Child Seat Recalls

Child Seat Recalls

Protecting Your Children the Right Way
Although 96 percent of parents who use child safety seats, booster seats and safety belts to protect their children think they are doing it correctly, check ups continually show that 4 out of 5 unintentionally make mistakes that could result in their child being injured or killed in a crash. 

The National Transportation Safety Board has called upon automakers and others to establish permanent child safety seat fitting stations so that every parent may have every opportunity to be sure that every child is riding safely in every vehicle.  To find a child safety seat fitting station in your area visit or call 1-866-SEAT CHECK.

The National Transportation Safety Board has also called upon the 50 States to enact laws to require that all children up to 8 years old use child restraint systems and booster seats and that all children age 12 and younger ride in the rear seat.

Today, all 50 States and the District of Columbia have child restraint laws.  However, only 18 States and the District of Columbia require children up to 8 years old to use child restraint systems and boosters seats as recommended.  To find out what your State laws is visit  

Use the Correct Child Restraint System for Your Child’s Age and Size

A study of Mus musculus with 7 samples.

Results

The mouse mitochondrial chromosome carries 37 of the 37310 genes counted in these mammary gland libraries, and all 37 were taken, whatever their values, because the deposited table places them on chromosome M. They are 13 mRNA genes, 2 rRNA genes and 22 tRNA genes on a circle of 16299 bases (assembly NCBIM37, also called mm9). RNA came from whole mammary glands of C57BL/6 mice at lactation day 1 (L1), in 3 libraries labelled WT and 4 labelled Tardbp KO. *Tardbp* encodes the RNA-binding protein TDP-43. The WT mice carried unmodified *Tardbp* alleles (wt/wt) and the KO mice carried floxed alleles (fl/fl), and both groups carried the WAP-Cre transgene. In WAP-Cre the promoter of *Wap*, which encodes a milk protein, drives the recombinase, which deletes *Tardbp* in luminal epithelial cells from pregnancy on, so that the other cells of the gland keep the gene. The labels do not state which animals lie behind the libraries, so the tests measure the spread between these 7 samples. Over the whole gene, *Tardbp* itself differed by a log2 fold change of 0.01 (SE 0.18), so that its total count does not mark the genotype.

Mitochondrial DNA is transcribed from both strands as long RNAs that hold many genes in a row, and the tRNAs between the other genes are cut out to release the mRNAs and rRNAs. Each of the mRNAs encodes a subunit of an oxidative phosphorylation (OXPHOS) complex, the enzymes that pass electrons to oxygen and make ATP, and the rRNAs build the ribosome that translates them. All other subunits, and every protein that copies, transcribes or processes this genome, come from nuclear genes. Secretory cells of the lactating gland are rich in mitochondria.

1. Keep your child in a rear-facing seat until your child is at least 1 year old and at least 20 pounds.
  2. Use a forward-facing seat with a harness after your child has outgrown their rear-facing seat.  Your child should stay in this seat until they weigh approximately 40 pounds or their ears reach the top of the seat.
  3. Use a booster seat when your child has outgrown the forward-facing seat.  Be sure to check the height and weight limits for the seat you own.  Your child needs to use a booster seat from about 4 to 8 years old or until your child reaches about 4 feet, 9 inches.
  4. Keep your child in a booster seat until the adult lap-and-shoulder belt fits properly.  The seat belt should lie across the chest between the neck and arm and the lap belt must be across the upper thighs, not the soft stomach.
  5. An adult lap-and-shoulder belt can be used when your child is tall enough (usually about 4 feet, 9 inches) to sit against the back of the car’s seat with their legs bent at the knees with their feet hanging down.

Courtesy: National Transportation Safety Board

Child Seat Recalls

For a complete list of child seat recalls please visit NHTSA's Defects & Recalls page to search by manufacturer.